POLAND: Local authorities in Silesia are co-operating in a 556m zloty project to modernise the region’s extensive tram network with the aid of EU funding. The cities are linked by a 350 km tram network, but the infrastructure needs modernisation and most of the 346 trams are aging 105Na cars, some 30 or more years old.

The plans include modernisation of 60 km of track for 328m zloty, upgrading 85 trams with new traction equipment and buying 30 new and modernised partially low-floor trams for 228m zloty.

The EU requires the cities to meet half the cost of modernisation from their own sources. The voivodship has allocated 28m zloty of unspent funds for the project, and funding agreements have been signed by the cities of Katowice (68·5m), Sosnowiec (37m), Chorzow (25·5m), Bytom (16m), Zabrze (16m) and Ruda Slaska (8·5m).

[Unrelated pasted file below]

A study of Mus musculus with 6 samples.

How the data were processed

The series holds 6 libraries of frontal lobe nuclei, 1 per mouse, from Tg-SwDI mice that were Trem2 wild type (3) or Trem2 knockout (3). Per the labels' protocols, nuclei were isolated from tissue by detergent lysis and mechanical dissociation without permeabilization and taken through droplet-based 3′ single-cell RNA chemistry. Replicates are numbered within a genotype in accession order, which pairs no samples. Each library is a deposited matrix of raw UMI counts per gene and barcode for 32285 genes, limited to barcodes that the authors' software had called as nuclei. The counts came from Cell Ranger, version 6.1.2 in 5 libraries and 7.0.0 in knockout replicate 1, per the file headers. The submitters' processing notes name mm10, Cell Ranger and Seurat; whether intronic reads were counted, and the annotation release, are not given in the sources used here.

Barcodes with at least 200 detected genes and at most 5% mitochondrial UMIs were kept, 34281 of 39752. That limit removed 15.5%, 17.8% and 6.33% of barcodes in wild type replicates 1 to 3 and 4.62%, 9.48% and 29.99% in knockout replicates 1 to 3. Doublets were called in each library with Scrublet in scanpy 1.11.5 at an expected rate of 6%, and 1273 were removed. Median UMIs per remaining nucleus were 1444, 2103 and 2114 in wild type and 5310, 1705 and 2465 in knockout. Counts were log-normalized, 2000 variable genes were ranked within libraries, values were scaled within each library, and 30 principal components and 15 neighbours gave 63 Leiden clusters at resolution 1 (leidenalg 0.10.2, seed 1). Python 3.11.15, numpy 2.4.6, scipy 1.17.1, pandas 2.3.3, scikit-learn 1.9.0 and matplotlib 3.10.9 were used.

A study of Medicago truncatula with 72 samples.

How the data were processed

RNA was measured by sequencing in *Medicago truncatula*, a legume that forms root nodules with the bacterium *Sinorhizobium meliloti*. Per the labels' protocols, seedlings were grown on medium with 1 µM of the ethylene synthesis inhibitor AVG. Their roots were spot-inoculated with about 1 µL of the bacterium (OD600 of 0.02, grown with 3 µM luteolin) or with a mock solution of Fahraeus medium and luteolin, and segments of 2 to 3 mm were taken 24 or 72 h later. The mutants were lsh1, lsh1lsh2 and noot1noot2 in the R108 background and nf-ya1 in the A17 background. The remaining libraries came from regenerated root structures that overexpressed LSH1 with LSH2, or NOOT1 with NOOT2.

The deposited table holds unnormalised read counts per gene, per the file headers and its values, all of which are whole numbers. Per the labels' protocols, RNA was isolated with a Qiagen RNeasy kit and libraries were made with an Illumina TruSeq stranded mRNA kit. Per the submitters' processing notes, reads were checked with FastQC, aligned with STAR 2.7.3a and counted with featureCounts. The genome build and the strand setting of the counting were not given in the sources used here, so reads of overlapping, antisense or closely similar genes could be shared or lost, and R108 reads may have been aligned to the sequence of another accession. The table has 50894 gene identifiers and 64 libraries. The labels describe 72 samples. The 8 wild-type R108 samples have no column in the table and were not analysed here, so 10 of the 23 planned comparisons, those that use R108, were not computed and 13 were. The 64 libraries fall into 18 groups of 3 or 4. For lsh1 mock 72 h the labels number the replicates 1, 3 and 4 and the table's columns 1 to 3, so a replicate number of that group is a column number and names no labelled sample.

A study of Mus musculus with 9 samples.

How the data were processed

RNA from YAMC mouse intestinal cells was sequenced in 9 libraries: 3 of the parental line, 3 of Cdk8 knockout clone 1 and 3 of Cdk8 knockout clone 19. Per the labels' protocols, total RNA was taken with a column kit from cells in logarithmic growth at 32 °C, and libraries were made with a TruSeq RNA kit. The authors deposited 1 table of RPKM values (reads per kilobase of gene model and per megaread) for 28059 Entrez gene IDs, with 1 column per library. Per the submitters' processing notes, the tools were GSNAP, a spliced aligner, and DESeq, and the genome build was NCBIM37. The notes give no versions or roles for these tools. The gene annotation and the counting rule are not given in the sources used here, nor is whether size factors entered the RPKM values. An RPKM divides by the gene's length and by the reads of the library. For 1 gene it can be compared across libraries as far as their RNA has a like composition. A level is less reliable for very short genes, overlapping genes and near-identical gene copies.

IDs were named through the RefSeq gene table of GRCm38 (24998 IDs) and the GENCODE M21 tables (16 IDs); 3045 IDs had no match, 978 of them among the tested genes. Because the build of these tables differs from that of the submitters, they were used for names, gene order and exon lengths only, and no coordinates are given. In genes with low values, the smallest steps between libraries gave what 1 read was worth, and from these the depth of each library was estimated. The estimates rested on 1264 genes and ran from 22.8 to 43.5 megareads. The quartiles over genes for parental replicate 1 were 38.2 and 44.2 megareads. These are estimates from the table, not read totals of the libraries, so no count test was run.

Myslowice has already upgraded the tracks in its area, while Siemianowice Slaskie is not participating in protest at the recent closure of Line 12. Bedzin, Gliwice, Czeladz and Dabrowa Gornicza have decided not to participate. The President of Bedzin does not see a future for the city’s trams, and services have been severely curtailed, although the presence of a depot prevents complete closure. Gliwice is planning to close 8 km of lines 1 and 4 this summer, with services from Zabrze ending at the boundary.

  • The first of 46 ex-Dortmund N8C trams being rebuilt as Beta MF01 cars by Modertrans has re-entered service in Gdansk. The high-floor centre section has been replaced by a low-floor one, and the car ends rebuilt to give a modern appearance and better collision protection. The interior has new seats, CCTV and GPS-based passenger information.